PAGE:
It is a historical work of art that is largely hidden from students, faculty and staff on the Iowa State campus. Christian Petersen’s seven-panel mural and fountain The History of Dairying can be found along the east wall of the Food Sciences courtyard. However, a 1986 building addition enclosed the wall, making the courtyard accessible only through the Food Sciences Building.
It is Ruth MacDonald’s hope to once again make the mural and courtyard -- listed on the National Register of Historic Places -- a focal point on campus.
“It’s an important part of our building,” said MacDonald, professor and department chair of food science and human nutrition. “In the early days, it was used a lot for the president’s parties. They had weddings, lots of events happened out there because it was a very nice space. Over the years, the space has lost its appeal. We want to try and make it a nicer area.”
For nearly three decades, the sculpture's fountain has not worked. Water from the fountain would flow into a pool, giving the impression that the dairy cows on the mural were drinking from a trough. But plumbing to the fountain was cut during the 1986 construction and ongoing structural issues with the pool made it inefficient.
“I occasionally would raise the question about filling in the pond and making it flat because it would collect water and leaves and looked ugly. If we did fill up the pond, it would leak down into the steam tunnels that run underneath the building,” MacDonald said.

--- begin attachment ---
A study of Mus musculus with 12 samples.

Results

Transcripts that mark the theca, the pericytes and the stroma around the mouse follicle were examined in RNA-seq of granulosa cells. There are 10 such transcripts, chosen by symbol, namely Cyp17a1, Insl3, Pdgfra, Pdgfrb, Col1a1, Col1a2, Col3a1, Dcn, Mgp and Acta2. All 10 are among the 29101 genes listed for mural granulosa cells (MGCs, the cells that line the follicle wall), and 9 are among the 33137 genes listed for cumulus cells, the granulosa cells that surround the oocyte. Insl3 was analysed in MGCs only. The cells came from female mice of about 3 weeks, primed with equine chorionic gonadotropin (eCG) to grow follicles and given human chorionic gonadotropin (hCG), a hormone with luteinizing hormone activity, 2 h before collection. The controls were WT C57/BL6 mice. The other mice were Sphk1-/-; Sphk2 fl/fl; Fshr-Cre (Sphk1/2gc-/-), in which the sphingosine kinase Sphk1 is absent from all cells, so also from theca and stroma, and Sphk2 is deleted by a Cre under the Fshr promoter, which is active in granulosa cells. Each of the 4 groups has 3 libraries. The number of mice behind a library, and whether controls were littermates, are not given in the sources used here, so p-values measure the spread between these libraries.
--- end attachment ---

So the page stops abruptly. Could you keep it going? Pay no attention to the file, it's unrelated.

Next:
Partnership for preservation
With the help of University Museums and facilities planning and management, water is flowing from the fountain again. The mural was repaired and a new filtration system was installed to recirculate the water and make the fountain more efficient. Funding for the project was provided by the Office of the Senior Vice President for Business and Finance. The College of Agriculture and Life Sciences will handle the annual maintenance.
“It always is satisfying to preserve or maintain -- more importantly to maintain -- an artistic legacy,” said Lynette Pohlman, director of University Museums. “Iowa State has done a great job of maintaining Petersen’s artistic legacy and then building on it with all the other art on campus.”
Petersen’s sculpted mural is the first sculpture created as part of the federal Public Works of Art Project in Iowa during the Depression. Pohlman said Petersen’s art was part of Iowa State College president Raymond Hughes’ goal to create public art on campus.
“That program was important during the Great Depression because it employed artists, musicians and literary people. It was the jobs program; it was the TARP program of the 1930s,” Pohlman said. “For Iowa State, the two murals -- both Petersen’s and Grant Woods’ -- were really the start of a serious public art collection for the education of our students.”
To celebrate the newly restored mural, the food science and human nutrition department is hosting a reception from 4-6 p.m. on Friday, April 19, as part of Veishea festivities. The public is invited to attend.
MacDonald wants this to be the first step in making the space more inviting and user friendly. That will take careful planning and funding because of the courtyard’s designation as a historic landmark. But MacDonald believes the preservation of the courtyard will be worthwhile.
“I would like to make it a nice space for classes to go out there, or for students to go out and have lunch, or for people to come by and enjoy the gardens, because I think it could be a nice garden space,” MacDonald said.